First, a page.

When was the last time you did an analysis of your database?
• How do you know who your customers are and what makes them tick? Gut feel? Experience? Do you have data on it?
• If you have data, how old is it? Don’t rely on gut instinct or research you did long ago. Customers and their needs change over time.
Leverage existing data to better understand not just who your customers are, but their lifecycle trends and buying habits. Know which channels they use, when they are most likely to interact with you, and how they make purchase decisions. As a marketer, you need to be able to not just read data and make charts. You need to be able to see correlations and causations that can allow you to tell clients that you know where the chart will move if they go with your marketing campaign.
Offline data can only tell half the story. You can learn a lot from things like activity on your website, interaction with your Facebook page, and click-throughs on personalized landing pages. Offline data can tell you things like what people buy and how much they spend. Online data can tell you the rest of the story, including why they buy and how they navigate the journey. Intermingling those two sides of the same coin of data will allow for the full picture to be displayed before you in regards to the data collected.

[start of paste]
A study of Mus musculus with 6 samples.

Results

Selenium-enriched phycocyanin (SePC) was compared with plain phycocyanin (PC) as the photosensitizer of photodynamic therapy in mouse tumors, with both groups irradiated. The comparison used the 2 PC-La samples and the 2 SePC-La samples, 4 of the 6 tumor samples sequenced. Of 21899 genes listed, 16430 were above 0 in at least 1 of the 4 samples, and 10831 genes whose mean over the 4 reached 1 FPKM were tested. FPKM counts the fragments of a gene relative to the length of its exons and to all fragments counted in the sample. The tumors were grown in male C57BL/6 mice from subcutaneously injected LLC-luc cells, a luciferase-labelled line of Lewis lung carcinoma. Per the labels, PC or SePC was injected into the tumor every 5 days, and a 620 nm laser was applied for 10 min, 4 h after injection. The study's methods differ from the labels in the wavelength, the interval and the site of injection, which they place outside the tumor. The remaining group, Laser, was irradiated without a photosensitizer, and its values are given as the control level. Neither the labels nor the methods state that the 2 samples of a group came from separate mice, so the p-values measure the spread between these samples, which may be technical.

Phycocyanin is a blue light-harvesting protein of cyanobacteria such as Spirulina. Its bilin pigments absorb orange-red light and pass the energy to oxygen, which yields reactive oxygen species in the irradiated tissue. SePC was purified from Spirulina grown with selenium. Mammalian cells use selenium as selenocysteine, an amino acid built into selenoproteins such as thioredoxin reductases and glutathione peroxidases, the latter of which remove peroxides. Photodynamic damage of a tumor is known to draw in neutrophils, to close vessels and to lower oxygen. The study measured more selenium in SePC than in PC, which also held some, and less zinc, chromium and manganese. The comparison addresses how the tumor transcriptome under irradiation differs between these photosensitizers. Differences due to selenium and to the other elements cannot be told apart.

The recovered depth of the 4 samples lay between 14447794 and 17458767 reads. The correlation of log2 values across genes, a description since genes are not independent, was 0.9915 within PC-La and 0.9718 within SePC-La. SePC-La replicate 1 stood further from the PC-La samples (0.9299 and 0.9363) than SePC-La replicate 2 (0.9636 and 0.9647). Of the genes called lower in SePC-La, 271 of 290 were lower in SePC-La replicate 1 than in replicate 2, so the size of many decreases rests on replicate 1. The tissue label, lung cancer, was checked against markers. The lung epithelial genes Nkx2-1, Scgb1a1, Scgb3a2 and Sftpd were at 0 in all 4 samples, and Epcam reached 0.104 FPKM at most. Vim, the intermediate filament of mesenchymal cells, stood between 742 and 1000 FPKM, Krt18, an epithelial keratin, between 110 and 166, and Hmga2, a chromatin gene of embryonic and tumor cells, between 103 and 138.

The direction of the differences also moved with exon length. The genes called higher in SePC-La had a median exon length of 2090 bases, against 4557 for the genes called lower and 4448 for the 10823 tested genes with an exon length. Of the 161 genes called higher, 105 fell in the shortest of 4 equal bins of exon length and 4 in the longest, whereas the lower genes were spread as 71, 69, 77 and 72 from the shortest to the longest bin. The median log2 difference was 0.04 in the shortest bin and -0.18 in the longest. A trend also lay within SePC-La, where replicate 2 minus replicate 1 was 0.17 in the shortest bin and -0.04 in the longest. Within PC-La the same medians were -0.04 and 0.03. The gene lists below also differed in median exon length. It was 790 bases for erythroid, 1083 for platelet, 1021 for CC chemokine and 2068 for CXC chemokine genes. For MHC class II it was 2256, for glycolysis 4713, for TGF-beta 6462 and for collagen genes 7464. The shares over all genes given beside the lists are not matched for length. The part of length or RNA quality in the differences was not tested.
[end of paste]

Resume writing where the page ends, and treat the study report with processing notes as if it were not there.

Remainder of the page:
When you run a digital marketing company and you look at data, you tend to look at the aggregate numbers. But you want to know more than just basic demographics such as age and household income. Is the presence of children in the home a factor? What about location? Life stage? Even customers within similar aggregate demographic categories can think and act differently. Averaging is fine and well to get the initial idea that your audience is here. But to truly understand your audience you need to look at them as more than the average of a predefined amount.
Understanding the “when” is as important as the “what.” One telecom company had always sent follow-up printed pieces after phone inquiries, but it hadn’t tested the timing. Once it decided to test its timing, it discovered that a two-stage follow-up was most effective: an email sent immediately (within the first 24 hours), then a print piece two to three days later. As a result of these changes, it saw a double-digit improvement in its response rates.
Data is only valuable to your digital marketing company as long as it stays current and accurate. If your demographic data for single males aged 24-30 is several years old for example, you can reasonably expect that many of them have begun the stages to creating a family of their own and thus are not within that demographic at all. Customer demographics and needs are always changing. People change jobs, they enter new life stages, and their personal circumstances change. Stay current! Always be investing, always be reinventing, and you’ll get maximum use out of your efforts.